California had been one of 16 states that did not require licensing of debt collectors. That changed last year with the enactment of the Debt Collection Licensing Act. 2020 Cal. Stats. ch. 163 (SB 908). The DCLA will effect at the beginning of next year and provides for the licensing and regulation of debt collectors.
As defined by the DCLA, a debt collector is “”any person who, in the ordinary course of business, regularly, on behalf of that person or others, engages in debt collection.” Fin. Code § 100002(j). “Debt collection” is defined as “any act or practice in connection with the collection of consumer debt”. The term “debt collector” includes any person who composes and sells, or offers to compose and sell, forms, letters and other collection media used or intended to be used for debt collection. The term “debt collector” includes “debt buyer” as defined in Section 1788.50 of the Civil Code.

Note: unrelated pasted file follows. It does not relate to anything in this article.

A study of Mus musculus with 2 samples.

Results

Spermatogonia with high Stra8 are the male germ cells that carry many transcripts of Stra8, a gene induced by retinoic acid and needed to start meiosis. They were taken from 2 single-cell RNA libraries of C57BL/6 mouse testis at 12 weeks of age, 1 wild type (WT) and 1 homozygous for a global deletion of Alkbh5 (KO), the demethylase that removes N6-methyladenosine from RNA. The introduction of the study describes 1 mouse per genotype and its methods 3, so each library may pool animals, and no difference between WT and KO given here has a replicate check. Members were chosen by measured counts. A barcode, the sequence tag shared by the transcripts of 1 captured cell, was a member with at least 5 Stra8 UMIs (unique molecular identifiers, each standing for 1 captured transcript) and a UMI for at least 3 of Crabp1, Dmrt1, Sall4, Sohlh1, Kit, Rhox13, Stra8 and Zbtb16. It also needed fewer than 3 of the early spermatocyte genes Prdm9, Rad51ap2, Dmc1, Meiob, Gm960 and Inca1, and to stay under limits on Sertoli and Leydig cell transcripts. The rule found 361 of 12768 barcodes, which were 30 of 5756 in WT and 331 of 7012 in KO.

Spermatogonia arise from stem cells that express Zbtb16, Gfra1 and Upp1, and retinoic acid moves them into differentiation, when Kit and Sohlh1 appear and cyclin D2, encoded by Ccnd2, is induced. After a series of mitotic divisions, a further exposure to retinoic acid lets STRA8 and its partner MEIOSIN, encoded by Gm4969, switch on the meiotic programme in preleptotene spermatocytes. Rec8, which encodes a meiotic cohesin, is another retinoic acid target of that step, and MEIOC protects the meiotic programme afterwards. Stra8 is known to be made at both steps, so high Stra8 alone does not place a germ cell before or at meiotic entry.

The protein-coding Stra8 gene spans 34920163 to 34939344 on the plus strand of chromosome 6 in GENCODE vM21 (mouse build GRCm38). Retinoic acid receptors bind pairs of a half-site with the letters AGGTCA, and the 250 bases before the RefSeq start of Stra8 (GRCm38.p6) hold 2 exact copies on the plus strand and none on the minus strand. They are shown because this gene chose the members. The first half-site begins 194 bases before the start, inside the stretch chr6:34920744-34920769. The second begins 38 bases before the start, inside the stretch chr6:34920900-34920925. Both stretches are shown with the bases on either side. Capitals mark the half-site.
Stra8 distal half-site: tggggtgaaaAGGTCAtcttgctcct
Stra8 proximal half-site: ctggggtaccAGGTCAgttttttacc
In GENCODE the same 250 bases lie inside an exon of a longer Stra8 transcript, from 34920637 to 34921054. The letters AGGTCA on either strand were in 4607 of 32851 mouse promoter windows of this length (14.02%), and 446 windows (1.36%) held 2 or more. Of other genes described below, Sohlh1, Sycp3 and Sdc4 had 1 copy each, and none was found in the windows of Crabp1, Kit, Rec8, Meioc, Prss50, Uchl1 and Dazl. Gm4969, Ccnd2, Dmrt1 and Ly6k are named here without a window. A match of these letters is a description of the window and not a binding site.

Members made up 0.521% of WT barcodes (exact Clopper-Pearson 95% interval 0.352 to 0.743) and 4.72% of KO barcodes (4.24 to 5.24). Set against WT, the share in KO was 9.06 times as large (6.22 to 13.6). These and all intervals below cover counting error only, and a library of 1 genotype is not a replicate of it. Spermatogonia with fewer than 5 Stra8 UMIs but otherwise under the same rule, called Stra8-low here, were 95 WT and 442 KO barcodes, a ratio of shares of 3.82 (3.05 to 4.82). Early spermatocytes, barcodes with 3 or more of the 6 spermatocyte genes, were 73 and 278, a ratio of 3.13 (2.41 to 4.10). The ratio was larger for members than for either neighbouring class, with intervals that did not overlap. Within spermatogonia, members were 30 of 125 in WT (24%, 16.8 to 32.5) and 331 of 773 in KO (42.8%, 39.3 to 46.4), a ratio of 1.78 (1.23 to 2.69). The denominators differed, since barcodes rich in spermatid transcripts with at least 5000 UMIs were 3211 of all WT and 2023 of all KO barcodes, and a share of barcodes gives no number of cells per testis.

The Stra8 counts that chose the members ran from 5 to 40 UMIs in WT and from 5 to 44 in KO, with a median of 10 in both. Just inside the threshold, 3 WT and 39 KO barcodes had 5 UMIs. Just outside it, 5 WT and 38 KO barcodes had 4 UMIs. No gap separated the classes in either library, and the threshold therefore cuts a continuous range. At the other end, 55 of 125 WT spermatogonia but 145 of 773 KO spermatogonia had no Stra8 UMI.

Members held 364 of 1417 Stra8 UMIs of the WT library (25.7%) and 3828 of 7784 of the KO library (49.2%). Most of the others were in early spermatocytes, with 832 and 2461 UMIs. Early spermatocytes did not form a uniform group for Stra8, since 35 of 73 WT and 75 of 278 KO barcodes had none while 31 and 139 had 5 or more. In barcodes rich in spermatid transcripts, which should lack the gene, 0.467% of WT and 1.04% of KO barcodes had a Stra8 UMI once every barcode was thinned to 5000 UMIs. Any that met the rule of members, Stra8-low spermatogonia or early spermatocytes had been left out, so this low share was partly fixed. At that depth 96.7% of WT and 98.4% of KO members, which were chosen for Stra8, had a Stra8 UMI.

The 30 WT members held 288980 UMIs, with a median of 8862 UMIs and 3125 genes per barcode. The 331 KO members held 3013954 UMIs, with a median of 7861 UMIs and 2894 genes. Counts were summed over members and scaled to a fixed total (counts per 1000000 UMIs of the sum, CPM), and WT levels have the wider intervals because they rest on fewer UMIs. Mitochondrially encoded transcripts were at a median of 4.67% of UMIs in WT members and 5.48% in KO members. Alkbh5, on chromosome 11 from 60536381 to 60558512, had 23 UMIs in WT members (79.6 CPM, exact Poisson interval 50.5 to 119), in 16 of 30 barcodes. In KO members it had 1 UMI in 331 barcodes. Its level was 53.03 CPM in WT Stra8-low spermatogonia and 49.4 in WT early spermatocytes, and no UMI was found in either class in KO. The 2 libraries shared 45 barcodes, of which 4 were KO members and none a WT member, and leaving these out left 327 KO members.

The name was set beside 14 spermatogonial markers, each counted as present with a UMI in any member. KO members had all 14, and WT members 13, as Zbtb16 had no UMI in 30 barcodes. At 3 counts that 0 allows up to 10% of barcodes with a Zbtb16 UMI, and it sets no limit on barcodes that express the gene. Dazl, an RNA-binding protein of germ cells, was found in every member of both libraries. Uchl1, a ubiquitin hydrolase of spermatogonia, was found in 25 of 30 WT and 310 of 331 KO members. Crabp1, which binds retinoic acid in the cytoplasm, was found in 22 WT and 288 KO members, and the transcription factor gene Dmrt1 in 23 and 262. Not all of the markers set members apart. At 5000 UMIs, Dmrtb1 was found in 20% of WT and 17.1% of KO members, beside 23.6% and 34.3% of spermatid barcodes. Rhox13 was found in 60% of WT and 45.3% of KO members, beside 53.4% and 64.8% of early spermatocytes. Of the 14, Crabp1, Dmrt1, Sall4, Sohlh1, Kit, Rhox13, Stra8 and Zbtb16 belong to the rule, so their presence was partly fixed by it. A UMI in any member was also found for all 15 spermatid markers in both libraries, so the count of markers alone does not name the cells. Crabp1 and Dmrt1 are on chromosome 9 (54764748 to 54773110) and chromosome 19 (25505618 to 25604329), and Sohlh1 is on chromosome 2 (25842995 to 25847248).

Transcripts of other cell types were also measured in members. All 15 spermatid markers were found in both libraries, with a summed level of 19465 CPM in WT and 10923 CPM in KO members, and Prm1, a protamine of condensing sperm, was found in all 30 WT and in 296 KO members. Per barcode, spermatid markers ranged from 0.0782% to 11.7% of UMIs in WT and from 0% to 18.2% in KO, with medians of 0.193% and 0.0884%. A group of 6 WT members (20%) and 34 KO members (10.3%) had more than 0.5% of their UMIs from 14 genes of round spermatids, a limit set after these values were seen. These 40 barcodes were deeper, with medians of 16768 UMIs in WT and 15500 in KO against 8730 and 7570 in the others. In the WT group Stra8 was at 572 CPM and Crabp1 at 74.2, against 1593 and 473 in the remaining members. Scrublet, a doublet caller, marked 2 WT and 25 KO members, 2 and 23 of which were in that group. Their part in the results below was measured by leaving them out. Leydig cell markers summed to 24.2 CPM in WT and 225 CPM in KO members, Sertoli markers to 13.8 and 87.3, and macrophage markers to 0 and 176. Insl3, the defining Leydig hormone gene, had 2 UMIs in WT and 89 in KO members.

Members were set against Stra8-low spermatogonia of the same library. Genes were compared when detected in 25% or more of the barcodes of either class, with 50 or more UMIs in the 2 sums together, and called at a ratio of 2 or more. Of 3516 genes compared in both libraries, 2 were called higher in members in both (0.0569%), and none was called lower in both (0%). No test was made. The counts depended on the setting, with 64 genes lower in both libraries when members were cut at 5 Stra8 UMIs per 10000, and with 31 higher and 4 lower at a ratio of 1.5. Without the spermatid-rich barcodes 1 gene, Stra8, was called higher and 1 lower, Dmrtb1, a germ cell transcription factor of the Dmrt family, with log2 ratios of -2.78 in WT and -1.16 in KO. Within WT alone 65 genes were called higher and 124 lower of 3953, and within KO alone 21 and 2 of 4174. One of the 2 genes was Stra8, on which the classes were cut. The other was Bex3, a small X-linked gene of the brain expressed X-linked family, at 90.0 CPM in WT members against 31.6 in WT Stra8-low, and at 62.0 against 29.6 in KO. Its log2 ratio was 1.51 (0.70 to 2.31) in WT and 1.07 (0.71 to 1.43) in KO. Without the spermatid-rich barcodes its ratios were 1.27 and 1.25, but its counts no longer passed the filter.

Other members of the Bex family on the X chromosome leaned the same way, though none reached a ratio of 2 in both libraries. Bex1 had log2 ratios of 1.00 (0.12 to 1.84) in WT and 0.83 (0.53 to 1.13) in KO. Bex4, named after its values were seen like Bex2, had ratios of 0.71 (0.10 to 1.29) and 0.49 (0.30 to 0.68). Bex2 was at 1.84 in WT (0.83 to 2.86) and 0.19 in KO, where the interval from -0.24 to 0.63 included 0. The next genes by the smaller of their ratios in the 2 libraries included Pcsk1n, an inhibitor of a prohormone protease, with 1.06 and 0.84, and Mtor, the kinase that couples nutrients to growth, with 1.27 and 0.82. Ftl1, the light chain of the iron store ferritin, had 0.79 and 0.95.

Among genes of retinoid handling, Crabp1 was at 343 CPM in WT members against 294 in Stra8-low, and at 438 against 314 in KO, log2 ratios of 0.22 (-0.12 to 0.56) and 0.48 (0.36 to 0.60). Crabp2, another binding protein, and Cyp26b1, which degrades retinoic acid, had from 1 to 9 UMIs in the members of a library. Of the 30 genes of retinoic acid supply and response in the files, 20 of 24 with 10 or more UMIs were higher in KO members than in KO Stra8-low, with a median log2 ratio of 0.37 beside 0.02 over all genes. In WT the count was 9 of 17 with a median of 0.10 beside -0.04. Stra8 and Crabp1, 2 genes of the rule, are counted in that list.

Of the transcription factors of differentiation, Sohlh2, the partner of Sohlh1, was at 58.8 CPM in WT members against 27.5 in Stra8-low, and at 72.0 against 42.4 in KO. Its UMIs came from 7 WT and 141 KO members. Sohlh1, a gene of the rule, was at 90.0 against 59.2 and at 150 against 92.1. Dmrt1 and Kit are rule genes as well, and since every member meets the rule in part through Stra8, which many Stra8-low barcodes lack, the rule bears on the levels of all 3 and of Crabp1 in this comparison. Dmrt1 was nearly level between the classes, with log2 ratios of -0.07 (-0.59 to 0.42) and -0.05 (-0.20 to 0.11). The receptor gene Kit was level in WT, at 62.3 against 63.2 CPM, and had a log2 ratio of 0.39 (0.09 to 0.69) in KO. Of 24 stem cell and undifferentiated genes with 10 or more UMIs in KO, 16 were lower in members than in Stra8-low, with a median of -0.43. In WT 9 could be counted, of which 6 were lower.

The DCLA exempts a several classes of persons, including depository institutions (e.g., FDIC-insured banks, credit unions, DFPI-licensed finance lenders and brokers, DFPI-licensed mortgage lenders and servicers, Department of Real Estate licensed agents, persons subject to the Karnette Rental-Purchase Act, a trustee for a nonjudicial foreclosure, and debt collections regulated under the Student Loan Servicing Act). Fin. Code § 100001(b)(1), (2). The DCLA, however, does not expressly exempt licensed attorneys.
In August, the DFPI issued an invitation for comments regarding possible additional rulemaking, including the scope of the DCLA. Today is the deadline for responding to the invitation.
The content of this article is intended to provide a general guide to the subject matter. Specialist advice should be sought about your specific circumstances.